Sahel state accuses neighbor of kidnapping nationals

The Benin authorities arrested five Nigeriens last week as tensions over an oil export blockade between the two countries deepen
Sahel state accuses neighbor of kidnapping nationals

Niger’s military government has accused Benin of kidnapping five Nigeriens who were on an official assignment to supervise and control the loading of an oil shipment at the Seme-Kpodji pipeline terminal.

The statement released early Sunday came after Beninese special prosecutor Mario Metonou announced on Thursday that the country’s authorities had detained five Niger nationals for allegedly entering Benin’s Seme-Kpodji pipeline terminal on false pretenses.

According to the prosecutor, the group was arrested on Wednesday, and at least two of them are agents for Niger’s military leadership who used forged documents to enter the port.

Niamey’s authorities have denied the allegations, claiming that the team works for the Nigerien branch of the West African Gas Pipeline Company (WAPCO-Niger).

“All these people kidnapped and held hostage nevertheless took a regular flight, completing all airport formalities on departure from Niamey and on arrival at the Cardinal Bernadin Gantin international airport in Cotonou,” the Nigerien government said in a statement.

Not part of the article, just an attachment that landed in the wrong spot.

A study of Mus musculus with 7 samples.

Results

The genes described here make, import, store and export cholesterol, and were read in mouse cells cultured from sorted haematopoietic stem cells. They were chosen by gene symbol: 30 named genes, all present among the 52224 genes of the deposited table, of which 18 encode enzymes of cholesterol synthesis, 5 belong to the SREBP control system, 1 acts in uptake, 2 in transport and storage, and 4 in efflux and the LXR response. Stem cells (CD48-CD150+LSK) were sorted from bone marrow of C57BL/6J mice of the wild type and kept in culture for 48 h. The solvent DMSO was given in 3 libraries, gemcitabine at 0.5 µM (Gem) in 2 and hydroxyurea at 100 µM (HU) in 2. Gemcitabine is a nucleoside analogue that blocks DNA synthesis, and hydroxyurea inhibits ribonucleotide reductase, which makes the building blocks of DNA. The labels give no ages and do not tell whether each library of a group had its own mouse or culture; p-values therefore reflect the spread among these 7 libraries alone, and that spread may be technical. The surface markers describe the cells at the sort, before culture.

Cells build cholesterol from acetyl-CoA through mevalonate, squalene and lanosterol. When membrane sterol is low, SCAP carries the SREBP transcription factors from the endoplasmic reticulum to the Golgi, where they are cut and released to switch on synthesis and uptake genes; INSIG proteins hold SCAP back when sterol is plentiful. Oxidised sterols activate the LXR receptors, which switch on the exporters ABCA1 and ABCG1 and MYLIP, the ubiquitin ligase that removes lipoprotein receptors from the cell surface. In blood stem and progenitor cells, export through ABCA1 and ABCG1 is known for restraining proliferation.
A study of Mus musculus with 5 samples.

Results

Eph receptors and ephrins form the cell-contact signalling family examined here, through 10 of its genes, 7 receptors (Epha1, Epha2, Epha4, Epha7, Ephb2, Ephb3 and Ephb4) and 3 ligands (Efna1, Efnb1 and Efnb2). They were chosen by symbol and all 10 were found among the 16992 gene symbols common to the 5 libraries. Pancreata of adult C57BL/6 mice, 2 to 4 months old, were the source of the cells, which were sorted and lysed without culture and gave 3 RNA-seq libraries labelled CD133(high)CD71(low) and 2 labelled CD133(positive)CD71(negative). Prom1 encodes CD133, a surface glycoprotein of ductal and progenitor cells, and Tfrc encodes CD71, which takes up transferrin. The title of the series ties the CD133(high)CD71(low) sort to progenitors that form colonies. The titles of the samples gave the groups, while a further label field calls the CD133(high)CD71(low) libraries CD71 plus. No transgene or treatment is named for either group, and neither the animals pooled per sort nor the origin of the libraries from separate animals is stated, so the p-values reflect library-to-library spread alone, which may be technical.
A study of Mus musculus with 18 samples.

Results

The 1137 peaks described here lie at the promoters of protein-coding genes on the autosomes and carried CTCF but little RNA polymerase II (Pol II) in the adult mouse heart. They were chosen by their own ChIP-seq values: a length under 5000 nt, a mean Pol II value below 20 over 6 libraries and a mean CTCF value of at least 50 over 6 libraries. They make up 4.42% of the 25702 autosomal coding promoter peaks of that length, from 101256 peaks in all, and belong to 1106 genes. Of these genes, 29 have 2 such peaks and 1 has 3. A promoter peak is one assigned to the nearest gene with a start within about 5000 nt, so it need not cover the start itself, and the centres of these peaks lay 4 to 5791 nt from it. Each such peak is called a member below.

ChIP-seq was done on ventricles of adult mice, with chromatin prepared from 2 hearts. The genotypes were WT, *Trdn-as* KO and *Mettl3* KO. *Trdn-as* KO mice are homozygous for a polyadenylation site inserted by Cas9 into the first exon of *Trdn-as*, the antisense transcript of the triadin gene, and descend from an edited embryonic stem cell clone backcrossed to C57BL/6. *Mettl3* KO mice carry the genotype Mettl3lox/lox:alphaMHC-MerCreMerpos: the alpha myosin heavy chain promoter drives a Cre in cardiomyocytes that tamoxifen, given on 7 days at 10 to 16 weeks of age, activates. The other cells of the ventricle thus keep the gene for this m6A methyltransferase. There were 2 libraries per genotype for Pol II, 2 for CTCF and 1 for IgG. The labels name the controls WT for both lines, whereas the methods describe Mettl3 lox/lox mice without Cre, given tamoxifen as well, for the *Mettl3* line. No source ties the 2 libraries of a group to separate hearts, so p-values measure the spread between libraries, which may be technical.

Tensions between the two West African nations began deepening last month when Benin blocked crude exports via its port from landlocked Niger, demanding that Niamey fully reopen its border to Benin’s goods and normalize relations before shipments could resume.

Nigerien Prime Minister Ali Mahamane Lamine Zeine called the Beninese government’s decision to bar Niamey from using the port of Seme Kpodji, located 30km south of Benin’s economic capital, Cotonou, a violation of bilateral trade agreements between them.

Niger relies on Benin for crude oil shipments, and the blockade is said to jeopardize the country’s plans to begin exporting the product to China under a $400 million commodity-backed agreement with the China National Petroleum Corporation.

Multiple mediation meetings have been held between Niamey and Cotonou at the initiative of the Chinese side to resolve the dispute, but no agreement has yet been reached.

Relations between the two West African neighbors have deteriorated since Nigerien soldiers overthrew President Mohamed Bazoum in a coup last July.

Niamey’s new leadership had previously accused Cotonou of supporting a cross-border invasion that the Economic Community of West African States (ECOWAS) had planned with France’s backing to restore Bazoum’s rule.

Benin also enforced ECOWAS sanctions on Niger, including border closures, in response to the coup, which has been lifted since February.

However, Niger has kept its borders closed to goods from Benin, citing security reasons.

In the statement on Sunday, Niamey accused Beninese President Patrice Talon of working “under the instigation of foreign powers” and “increasing provocations in line with his hostile actions” against Niger.